World War One in the Torres Strait

The outbreak of the First World War did not have an immediate or dramatic impact on the Torres Strait region, as the main events were taking place far away.  Thursday Island was however an important link in the chain of communications from Australia as well as being located on a busy sea route, but was relatively well defended.  As well, a military or naval attack was considered unlikely as the sea route through the Torres Strait was narrow and its eastern entrance provided limited course choices for ships.  As a result of this, it was considered inevitable that any enemy vessel could easily find itself trapped in the event of meeting an allied ship.

At the outbreak of war in 1914, there was a German squadron in the Pacific, but the presence of the battle cruiser HMAS Australia influenced the German commander to stay well clear of Australian waters.  Nearby German New Guinea was however a strategic threat and on 6th August 1914 the Secretary of State for the Colonies despatched to the Governor-General of Australia, a message along the following lines, “...If your ministers desire and feel themselves able to seize German wireless stations at Yap, the Marshall Islands, Nauru, Pleasant Island and New Guinea, we should feel that this was a great and urgent imperial service...”.  The Commonwealth government, though considering that the German squadron should be the main objective, heeded the British Government’s request, taking steps to raise and equip an expeditionary force to proceed to New Guinea.  This was to be the first campaign against German forces by Australian troops, taking place at Rabaul.  As a consequence of this action, German New Guinea was occupied without serious incident, thereby removing whatever remote threat to the Torres Strait that had existed.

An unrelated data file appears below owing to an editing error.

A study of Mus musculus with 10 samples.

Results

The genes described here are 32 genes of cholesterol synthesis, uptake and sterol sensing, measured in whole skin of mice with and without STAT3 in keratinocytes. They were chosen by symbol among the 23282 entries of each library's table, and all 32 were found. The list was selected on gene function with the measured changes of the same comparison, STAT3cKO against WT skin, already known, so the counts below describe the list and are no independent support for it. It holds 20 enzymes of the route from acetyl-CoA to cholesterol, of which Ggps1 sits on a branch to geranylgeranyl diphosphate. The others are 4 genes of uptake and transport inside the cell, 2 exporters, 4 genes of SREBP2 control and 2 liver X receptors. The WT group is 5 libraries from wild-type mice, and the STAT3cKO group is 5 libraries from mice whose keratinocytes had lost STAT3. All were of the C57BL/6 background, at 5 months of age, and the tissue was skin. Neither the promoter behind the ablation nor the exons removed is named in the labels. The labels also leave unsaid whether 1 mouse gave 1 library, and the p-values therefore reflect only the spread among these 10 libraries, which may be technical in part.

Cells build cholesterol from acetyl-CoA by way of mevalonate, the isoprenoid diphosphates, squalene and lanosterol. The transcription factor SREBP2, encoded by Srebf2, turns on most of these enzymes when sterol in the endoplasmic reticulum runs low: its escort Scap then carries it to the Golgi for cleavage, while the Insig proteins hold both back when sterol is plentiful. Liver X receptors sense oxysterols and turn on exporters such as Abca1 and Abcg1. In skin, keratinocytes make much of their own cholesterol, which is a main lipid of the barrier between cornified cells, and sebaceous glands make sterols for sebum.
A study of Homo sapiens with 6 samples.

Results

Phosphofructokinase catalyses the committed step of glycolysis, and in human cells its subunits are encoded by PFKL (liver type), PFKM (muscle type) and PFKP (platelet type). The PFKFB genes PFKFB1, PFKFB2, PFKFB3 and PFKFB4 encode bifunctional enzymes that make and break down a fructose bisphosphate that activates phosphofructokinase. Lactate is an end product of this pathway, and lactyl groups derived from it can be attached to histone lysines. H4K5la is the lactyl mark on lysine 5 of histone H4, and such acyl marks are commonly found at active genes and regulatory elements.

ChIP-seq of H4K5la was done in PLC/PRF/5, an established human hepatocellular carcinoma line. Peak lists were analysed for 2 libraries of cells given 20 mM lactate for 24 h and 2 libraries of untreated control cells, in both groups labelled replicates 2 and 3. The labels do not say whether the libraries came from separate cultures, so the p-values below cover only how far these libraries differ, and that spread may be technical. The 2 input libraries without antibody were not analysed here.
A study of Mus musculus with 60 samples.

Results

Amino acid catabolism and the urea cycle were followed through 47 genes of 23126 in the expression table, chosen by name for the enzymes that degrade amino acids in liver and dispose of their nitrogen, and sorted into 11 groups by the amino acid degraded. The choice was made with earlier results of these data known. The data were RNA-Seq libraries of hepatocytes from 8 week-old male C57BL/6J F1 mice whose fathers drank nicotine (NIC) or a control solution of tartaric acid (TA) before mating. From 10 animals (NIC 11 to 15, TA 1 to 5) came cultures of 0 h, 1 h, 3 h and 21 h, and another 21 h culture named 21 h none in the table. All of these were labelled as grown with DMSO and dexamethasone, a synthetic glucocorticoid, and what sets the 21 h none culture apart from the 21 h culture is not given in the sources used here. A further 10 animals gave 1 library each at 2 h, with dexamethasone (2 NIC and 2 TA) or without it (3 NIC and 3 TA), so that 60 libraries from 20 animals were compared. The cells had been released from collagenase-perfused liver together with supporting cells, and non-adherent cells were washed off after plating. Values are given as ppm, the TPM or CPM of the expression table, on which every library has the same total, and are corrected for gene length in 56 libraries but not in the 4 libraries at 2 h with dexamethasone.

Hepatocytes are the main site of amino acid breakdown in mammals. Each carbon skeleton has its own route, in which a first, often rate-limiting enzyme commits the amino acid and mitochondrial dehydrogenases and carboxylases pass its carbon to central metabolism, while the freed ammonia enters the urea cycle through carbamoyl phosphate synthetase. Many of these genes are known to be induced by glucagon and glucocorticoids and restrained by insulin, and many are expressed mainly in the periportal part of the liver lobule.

A small force was stationed at the fortifications on Thursday Island throughout the period of the First World War as a means of monitoring the strategic shipping routes as well as the important communication link.  At the same time the waters of the Torres Strait were patrolled by HMAS Sleuth and HMAS Mourilyan.  These were small vessels without significant armaments, thereby confirming the belief that there was limited enemy threat to the region.

Late in the war, in 1918, there were rumours of German naval shipping making a foray into the region.  This prompted the despatch of the light cruiser HMAS Brisbane to the Torres Strait region, but the rumours of a German naval threat were to prove to be unfounded.  The HMAS Brisbane was the first light cruiser and the largest warship built in Australia up to 1913, as well as being the first ship in the Royal Australian Navy to operate an aircraft.

 

This image shows HMAS Brisbane during the First World War.

Brian Randall, Queensland Places Coordinator, State Library of Queensland.